In a recent letter, Storer (2006) criticized a study in which I presented morphological characters in support of a flamingo-grebe clade (Mayr 2004). Because many of his claims are incorrect, I would like to address some of his arguments.
A sister-group relationship between flamingos (Phoenicopteriformes) and grebes (Podicipediformes) was first proposed by van Tuinen et al. (2001), who analyzed mitochondrial and nuclear DNA sequences as well as DNA-DNA hybridization data. A clade (Phoenicopteridae and Podicipedidae) was supported by independent and combined analyses of these different kinds of molecular data. Although my study provided the first evidence of shared derived morphological similarities, additional morphological synapomorphies of flamingos and grebes were described by Manegold (2006).
In my 2004 study, I discussed 11 characters as potential apomorphies of a clade including Podicipedidae and Phoenicopteridae. Storer discussed only two of these, the presence of a notarium and the chalky covering of the eggshell. He noted that the presence of a notarium is likely to be convergent because this feature also occurs in several other avian groups. However, there is no way to recognize convergence a priori. If there were, there would be no controversies on the phylogeny of birds at all. To show that the notarium of flamingos and grebes evolved convergently, Storer would have had to present more convincing evidence for alternative phylogenetic hypotheses, which he did not.
Storer (2006) admitted that the eggshell character was unique to flamingos and grebes. However, he then (Storer 2006:1184) made the curious comment that an “analysis omitting this structure and the notarium would, ipso facto, diminish support for a sister-group relationship between the flamingos and grebes.” I completely concur with this statement, but see little reason why one should leave out potential synapomorphies from phylogenetic analyses. Anyway, in bootstrap analyses, which I also performed in my study, the robustness of the tree is evaluated by randomly omitting characters from the analysis.
I also listed other characters that were not mentioned by Storer, most notably that flamingos and grebes have 11 primaries, which are otherwise found only in storks (and, in fact, are one of the characters used to support a flamingo-stork alliance). Instead, Storer (2006) discussed in detail the parasitological evidence for a flamingo-grebe clade, which I merely noted as further evidence but deliberately excluded from the phylogenetic analysis (Storer's note that this character was also mentioned by van Tuinen et al.  is incorrect).
Storer further listed some purported technical inaccuracies in my manuscript. However, I do not understand what he intended to express with his comment that “in figure 3 [of Mayr 2004], the tubercle on the cnemial crest of the grebe is not clearly depicted, and the structure connected to the tubercles in the three species should be identified to confirm that it is the same in all groups” (Storer 2006:1184). Storer appears to have misinterpreted the figure that I used to illustrate the length of the cnemial crests in the figured species, and in which I did not indicate any particular tubercle. His notes on the hypotarsus structure (i.e., that I was “unaware that the hypotarsal canal for M. flexor perforatus digiti II is present in the primitive genera of grebes” [Storer 2006:1184]) are irrelevant, because this character was not included in my analysis. Storer (2006:1184) noted “other inaccurate representations of skeletal characters,” but in regard to the only example he provided, he was mistaken. In the illustration of the grebe's foot, the longest toe is indeed the fourth (in any case, this figure does not illustrate the relative length of the foretoes but that of the hallux, which is clearly visible).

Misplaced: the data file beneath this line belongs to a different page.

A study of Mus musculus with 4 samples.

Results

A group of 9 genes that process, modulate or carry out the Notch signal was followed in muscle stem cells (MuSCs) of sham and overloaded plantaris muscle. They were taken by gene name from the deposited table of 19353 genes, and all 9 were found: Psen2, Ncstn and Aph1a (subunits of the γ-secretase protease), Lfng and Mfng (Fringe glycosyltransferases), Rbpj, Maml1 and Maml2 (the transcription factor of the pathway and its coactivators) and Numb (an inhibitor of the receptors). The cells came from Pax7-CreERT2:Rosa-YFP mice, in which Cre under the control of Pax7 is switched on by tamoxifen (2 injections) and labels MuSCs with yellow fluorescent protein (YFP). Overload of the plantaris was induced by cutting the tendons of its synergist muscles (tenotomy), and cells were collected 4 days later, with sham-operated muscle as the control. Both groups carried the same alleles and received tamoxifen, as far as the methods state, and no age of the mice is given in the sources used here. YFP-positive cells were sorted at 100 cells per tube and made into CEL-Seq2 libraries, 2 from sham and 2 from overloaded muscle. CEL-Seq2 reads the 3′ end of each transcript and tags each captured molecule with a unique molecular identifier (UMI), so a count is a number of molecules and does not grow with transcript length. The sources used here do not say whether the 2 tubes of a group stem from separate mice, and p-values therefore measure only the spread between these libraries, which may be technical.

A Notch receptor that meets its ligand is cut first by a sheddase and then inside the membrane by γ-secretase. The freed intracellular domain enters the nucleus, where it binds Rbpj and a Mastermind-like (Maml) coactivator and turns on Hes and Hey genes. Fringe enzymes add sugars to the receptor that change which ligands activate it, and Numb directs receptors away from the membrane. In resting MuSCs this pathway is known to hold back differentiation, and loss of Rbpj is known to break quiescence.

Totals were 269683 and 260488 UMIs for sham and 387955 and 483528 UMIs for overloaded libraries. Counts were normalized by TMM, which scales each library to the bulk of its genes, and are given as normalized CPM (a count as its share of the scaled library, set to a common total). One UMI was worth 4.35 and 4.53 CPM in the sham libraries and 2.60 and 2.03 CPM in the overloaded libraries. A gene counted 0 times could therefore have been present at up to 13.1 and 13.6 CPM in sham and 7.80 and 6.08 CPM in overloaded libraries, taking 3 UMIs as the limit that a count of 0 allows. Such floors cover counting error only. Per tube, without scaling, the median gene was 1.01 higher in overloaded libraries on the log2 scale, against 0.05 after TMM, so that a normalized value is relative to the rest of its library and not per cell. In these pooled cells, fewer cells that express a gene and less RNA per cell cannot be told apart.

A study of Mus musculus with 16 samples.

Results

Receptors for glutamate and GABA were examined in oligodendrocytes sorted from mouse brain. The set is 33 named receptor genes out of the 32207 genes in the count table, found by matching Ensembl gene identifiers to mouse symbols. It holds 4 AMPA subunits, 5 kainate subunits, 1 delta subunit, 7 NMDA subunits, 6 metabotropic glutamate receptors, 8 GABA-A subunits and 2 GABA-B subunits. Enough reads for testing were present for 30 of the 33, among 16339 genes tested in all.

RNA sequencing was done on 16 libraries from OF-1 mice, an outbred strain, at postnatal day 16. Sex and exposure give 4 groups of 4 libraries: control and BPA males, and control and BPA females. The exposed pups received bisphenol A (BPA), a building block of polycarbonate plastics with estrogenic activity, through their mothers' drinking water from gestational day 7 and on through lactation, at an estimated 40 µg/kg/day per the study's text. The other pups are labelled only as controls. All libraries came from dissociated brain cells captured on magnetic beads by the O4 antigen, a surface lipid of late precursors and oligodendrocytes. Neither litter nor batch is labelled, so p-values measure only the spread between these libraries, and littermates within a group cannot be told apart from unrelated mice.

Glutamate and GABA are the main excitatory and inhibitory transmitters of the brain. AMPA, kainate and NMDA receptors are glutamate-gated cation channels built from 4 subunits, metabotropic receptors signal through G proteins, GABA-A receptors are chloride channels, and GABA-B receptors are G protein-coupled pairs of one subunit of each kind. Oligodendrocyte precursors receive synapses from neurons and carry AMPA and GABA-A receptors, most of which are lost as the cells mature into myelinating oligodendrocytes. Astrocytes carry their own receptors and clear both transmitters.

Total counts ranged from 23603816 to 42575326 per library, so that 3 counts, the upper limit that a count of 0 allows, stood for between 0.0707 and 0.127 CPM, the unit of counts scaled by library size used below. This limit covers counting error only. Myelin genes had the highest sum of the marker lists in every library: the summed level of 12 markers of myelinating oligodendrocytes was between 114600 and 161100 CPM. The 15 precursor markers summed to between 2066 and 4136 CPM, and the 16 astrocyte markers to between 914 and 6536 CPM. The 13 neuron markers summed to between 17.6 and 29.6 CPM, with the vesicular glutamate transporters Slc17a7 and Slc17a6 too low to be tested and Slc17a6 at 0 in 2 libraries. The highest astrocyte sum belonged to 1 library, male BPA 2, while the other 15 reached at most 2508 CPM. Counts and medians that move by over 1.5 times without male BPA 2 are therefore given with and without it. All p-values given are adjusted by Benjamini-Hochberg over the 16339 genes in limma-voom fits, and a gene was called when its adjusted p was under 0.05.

Storer (2006:1183) dismissed my morphological analysis and noted my “failure to use the mass of basic natural-history information relevant to the subject.” He then noted my “inability to explain how the structure of the feet could change from webbed in flamingos to the far more complex structure of grebes, or vice versa” (Storer 2006:1184). Apart from the fact that his considerations on the evolution of the foot morphology of grebes are speculation, there is no reason to assume that the foot of any of these extant taxa evolved from a morphology that is represented by its extant sister group, and the foot morphologies of extant grebes and flamingos may represent autapomorphic specializations of these taxa.
In addition to van Tuinen et al.'s (2001) study, the sister-group relationship between flamingos and grebes resulted from analyses of various different gene sequences, such as the nuclear ZENK gene (Chubb 2004), RAG-2 exon (Cracraft et al. 2004), and RAG-1 exon and myoglobin intron 2 (Ericson et al. 2006; their figs. ESM-2 and ESM-3, respectively). Recent comments to the contrary by Livezey and Zusi (2007) notwithstanding, the flamingo-grebe clade is one of the best-supported higher-level clades of birds.
Storer (2006:1183) introduced his note by remarking that information “on phylogeny is obtainable from at least two present sources: the whole-animal biology of the organisms and molecular biology. The most accurate phylogenies will result from those sets of data in which there is the closest agreement.” There is nothing to add to these statements, except that I find it difficult to understand why in this case he did not follow his own advice.